Transport Minister Catherine King has backed the government away from a junior minister’s assertion she blocked Qatar Airways’ application for an extra 28 flights a week done to protect Qantas’ profitability.
Assistant Treasurer Stephen Jones told The Australian Financial Review on Monday that while the government could “drive prices down” by extending Qatar Airways’ air rights, it risked making it “unsustainable for the existing Australian-based carrier.”
Ms King last month rejected Qatar’s application for an extra 28 flights a week, saying they were “not in the national interest” but would not explain further.
On Monday, she was forced to address Mr Jones’ statement.
“I wouldn’t have used the same words that Stephen did,” Ms King said.
“There’s no one factor that swayed my consideration one way or the other.”
Qatar Airways had applied for permission to launch 28 new flights per week. Just last week, Qantas announced a record underlying profit of $2.47bn.
Separately at a business lunch in Perth on Monday, Treasurer Jim Chalmers referred to the decision to block Qatar Airways’ application as one made independently by the Transport Minister.
“It was Catherine’s decision,” the Treasurer said.
Qantas had previously lobbied the federal government to block Qatar Airways’ application.
The decision to block has proven to be extraordinarily controversial with the government facing criticism for stifling competition in the aviation sector, while at the same time, launching a two-year review to improve the country’s competition policy.
Virgin Australia said international airfares were being kept high by a lack of capacity, and raised concerns with Mr Jones’ statement.
“Any suggestion that denying Qatar additional flights was designed to protect Qantas’ medium-to-long term sustainability neglects the fact that blocking Qatar damages the domestic and international competitive position of Virgin Australia in favour of Qantas,” chief corporate affairs & sustainability officer, Christian Bennett said.
“Virgin Australia … is the main source of competition to the Qantas Group, and that task is challenging enough without Qantas having public policy designed for its benefit.”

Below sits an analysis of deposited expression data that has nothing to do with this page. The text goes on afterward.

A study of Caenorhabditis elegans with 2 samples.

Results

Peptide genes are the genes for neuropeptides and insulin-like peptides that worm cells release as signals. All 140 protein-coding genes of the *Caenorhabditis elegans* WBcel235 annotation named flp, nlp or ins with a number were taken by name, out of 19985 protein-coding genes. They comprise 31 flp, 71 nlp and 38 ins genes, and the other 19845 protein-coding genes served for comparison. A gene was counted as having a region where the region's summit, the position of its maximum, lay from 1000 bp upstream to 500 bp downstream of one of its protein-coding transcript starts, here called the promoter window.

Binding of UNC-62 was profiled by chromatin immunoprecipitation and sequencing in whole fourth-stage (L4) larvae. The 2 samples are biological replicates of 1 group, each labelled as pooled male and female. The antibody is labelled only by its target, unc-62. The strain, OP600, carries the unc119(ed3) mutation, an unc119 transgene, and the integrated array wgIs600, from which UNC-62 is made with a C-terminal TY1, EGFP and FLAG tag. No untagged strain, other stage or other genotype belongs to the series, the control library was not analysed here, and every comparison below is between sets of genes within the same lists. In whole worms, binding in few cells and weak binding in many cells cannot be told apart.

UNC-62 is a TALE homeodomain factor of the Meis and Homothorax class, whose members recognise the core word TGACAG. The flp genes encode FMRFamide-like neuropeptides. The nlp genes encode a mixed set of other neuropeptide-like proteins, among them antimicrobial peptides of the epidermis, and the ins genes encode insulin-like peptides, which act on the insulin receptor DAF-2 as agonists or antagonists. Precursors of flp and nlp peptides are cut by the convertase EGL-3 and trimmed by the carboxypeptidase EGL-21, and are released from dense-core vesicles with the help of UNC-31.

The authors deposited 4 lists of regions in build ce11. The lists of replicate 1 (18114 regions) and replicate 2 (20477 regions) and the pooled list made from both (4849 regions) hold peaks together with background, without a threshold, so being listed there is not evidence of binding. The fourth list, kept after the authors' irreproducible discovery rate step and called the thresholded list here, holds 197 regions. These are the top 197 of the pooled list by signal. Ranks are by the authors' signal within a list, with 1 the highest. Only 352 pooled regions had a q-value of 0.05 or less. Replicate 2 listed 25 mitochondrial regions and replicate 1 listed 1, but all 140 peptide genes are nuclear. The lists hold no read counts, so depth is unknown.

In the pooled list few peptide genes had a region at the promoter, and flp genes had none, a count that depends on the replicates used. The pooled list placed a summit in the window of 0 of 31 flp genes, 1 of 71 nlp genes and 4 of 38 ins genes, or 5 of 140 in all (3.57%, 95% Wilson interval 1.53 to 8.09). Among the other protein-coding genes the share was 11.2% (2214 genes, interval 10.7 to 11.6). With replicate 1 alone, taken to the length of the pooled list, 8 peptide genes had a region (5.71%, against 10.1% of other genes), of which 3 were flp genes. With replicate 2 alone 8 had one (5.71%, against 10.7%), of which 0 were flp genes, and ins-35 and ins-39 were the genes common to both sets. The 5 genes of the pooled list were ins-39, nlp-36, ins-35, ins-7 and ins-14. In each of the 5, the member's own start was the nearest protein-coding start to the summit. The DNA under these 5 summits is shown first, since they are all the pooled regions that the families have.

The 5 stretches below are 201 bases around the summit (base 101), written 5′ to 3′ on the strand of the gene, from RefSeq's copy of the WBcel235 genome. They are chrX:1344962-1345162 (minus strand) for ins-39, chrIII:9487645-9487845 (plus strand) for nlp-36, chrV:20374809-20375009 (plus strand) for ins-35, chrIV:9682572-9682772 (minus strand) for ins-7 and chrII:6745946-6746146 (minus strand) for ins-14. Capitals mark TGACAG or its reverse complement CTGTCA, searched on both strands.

Condemnation from Australia’s travel industry – which argues that the decision to deny Qatar Airways’ application will cost the tourism industry up to $788m a year – has also added to the government’s woes.
In response to written questions, Ms King skirted Mr Jones’ statement, saying a “range of factors” were considered when determining whether an expansion of air rights was within Australia’s “national interest”.
“The government has decided not to approve the Qatar Civil Aviation Authority request for additional services at this time,” Ms King said.
Outgoing Qantas chief executive Alan Joyce on Monday at a Senate inquiry said the government’s decision was in the national interest.
“Various countries around the world protect their national interest and I think what the assistant treasurer was referring to is that Australia should protect its own national interest,” Mr Joyce said.
“That is making sure we get reciprocal or other arrangements when you grant traffic rights [to international carriers].
“I don’t think anyone would say you should grant traffic rights that are disadvantageous to the national interest.
“That’s what the assistant treasurer was saying in our mind, and we would agree with that.”
The Qantas boss also pointed to the recent bilateral air rights rejection in Fiji to claim that air rights rejections were relatively commonplace.
“Qatar can add capacity through flying bigger aircraft to cities like Adelaide, Darwin. There is nothing stopping them from adding capacity to those locations,” Mr Joyce added.